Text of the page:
By Jim Schutze
By Rachel Watts
By Lauren Drewes Daniels
By Anna Merlan
By Lee Escobedo
By Eric Nicholson
Bristow did stop, but Edwards decided to drive straight back to the plant. It was 5:15 p.m. as Edwards neared the driveway to Redi-Mix on Texas 121. But he drove right past it, one of the reasons why police would eventually conclude he was asleep when he slammed into Richard Haas. Skid marks and gouges on the road indicated that he did not put on the brakes until after the moment of impact.
It took police four hours to learn Richard Haas' identity by tracing his license plate records. Judy Haas was relieved to learn that her husband probably died from the trauma of the crash, which ripped three tears in his heart, and not the inferno. She only hopes he died instantly, but no one can say for sure. What Judy Haas does know is that her family was the victim not just of one tired trucker, but of an industry that abuses its workforce and endangers the public with impunity.
The Haas family didn't immediately file suit against Redi-Mix, which offered to pay for Haas' funeral. Judy Haas asked a family friend who is a lawyer to investigate the company's practices, but after a year of ignoring the lawyer's repeated requests for company records, Judy realized the company was just playing games with her.
That's when she decided to find a top-notch personal injury lawyer and hired Frank Branson. "I wanted justice, I wanted them to pay," Haas says.
In 30 years of practicing law, Branson says, the cases he's handled that involved crashes with big trucks have been some of the most horrific, in terms of both the damage inflicted and the arrogance and negligence on the part of the trucking companies.
"It's always the same. Either the driver was over hours or on marijuana or driving a truck that should have been in the junkyard," Branson says. "The mindset in the trucking industry is truly horrifying. The pattern is always the same--putting profits above safety."
Branson's office recently settled a multi-million-dollar case involving a Fort Worth trucking company whose driver, after a night of delivering fuel to gas stations in Northeast Texas, decapitated the driver of a pickup truck as he crashed into a tollbooth at DFW airport. The driver told the police he did not know where he was or why he was on Airport Freeway when he was supposed to be on Texas 121. Police cited fatigue as a contributing factor to the crash. The driver had been fired from a previous job for causing an accident after falling asleep on the road and from another company in Fort Worth after failing a drug test.
In another case Branson handled, a driver was speeding on Interstate 30 and skidded into a man on his way to church. When Branson quizzed the truck driver on the rules in the Department of Transportation manual, "he didn't know come here from sic 'em," Branson says. "When we checked his log book, where he is supposed to write safety notes, on the day of the accident it said 'Dallas is the 10-point favorite against San Francisco.' We discovered that the driver had been fired by an employer for getting too many tickets and walked down the street and was hired by the same employer at a different terminal.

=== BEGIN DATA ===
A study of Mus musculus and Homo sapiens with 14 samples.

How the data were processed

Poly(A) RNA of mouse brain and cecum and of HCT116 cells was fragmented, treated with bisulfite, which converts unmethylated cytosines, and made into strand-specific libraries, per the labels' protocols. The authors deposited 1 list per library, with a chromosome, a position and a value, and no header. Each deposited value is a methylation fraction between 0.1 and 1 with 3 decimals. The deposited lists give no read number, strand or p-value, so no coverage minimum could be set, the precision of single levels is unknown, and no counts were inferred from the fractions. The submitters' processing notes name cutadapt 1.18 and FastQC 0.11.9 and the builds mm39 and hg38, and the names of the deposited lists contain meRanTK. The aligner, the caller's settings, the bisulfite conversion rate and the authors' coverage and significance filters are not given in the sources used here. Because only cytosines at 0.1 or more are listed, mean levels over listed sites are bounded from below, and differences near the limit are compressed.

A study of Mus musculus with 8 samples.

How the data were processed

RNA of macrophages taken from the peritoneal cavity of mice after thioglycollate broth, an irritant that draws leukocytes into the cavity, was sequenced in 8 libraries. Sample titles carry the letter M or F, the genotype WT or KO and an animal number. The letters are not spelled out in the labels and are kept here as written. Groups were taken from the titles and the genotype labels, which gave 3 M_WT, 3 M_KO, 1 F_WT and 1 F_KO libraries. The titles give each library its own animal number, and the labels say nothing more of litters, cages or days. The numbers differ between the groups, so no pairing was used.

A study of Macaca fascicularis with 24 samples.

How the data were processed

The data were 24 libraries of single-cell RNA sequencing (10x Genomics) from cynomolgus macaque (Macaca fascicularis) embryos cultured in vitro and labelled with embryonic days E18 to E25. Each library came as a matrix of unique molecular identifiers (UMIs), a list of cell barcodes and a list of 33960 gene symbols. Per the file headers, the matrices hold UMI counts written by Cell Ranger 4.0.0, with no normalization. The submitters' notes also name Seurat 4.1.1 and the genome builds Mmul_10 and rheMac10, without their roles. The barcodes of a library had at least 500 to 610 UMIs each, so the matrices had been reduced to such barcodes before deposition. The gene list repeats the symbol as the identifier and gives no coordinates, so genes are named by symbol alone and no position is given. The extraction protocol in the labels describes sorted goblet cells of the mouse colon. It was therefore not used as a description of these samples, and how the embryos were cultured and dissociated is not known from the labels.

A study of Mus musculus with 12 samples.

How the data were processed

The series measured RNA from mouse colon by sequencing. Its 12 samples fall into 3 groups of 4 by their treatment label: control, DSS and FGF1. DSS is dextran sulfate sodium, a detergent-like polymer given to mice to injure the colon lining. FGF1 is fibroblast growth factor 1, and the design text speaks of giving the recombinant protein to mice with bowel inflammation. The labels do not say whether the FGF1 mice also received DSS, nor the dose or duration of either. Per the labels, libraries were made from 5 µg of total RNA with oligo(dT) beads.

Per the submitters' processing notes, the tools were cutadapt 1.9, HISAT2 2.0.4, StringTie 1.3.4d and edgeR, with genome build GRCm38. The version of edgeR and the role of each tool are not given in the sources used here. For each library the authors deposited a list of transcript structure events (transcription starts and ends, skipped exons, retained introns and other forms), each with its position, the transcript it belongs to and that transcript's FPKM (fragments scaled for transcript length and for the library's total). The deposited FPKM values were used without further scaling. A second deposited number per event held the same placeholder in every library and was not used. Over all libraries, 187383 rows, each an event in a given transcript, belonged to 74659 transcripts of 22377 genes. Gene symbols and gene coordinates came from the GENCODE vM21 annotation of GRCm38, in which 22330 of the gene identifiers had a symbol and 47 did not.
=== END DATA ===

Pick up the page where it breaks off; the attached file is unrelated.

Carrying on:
"If the American people ever realized who was behind the wheel of those 18-wheel monsters," Branson adds, "they'd be more afraid of truck drivers than they are of AIDS."
What Branson's office uncovered in the Haas case further convinced him to be distrustful of the trucking industry. By the time Judy Haas hired Branson, all of the company's records from the time of the accident had been destroyed. Federal law only requires trucking companies to keep logbooks and time cards for six months. If a driver has been in an accident, the company has to keep his records on file.
But even without the records, problems at Redi-Mix still were readily apparent, even when the company abided by the letter of the law. Working 15-hour shifts with eight hours off doesn't leave a driver much time for a life, much less sleep. Redi-Mix compounded the problem by not taking into consideration how far away many of its drivers lived, which further cut into the amount of time they had to rest
In Kenneth Edwards' case, he commuted to work two hours a day. On the days he put in a full 15 hours and had to be back in eight hours, he was left with at most six hours to sleep. It was also difficult to develop regular sleep patterns, because one day his shift would start at 1 a.m. or 2 a.m., other days at 6 a.m. or 7 a.m.
Like most of the federal trucking laws, the eight-hour rest rule was written in the 1930s and primarily applied to interstate drivers. In 1982, when the Surface Transportation Assistance Act gave states federal funding, states were required to adopt federal rules. The eight-hour rule is one of a number of regulations designed for the long-haul driver, who drives from location to location and can sleep in the back of his truck. This rule obviously doesn't take commuting time into account. Federal law limits truckers to work no more than 60 hours in any seven-day period or 70 hours in an eight-day period. In 1996, the trucking industry tried to ease the regulations by pushing through legislation that would start the clock again after a driver had been off for a full 24 hours. The provision was defeated, except in instances in which drivers are working within a single state for the construction industry or servicing public utilities.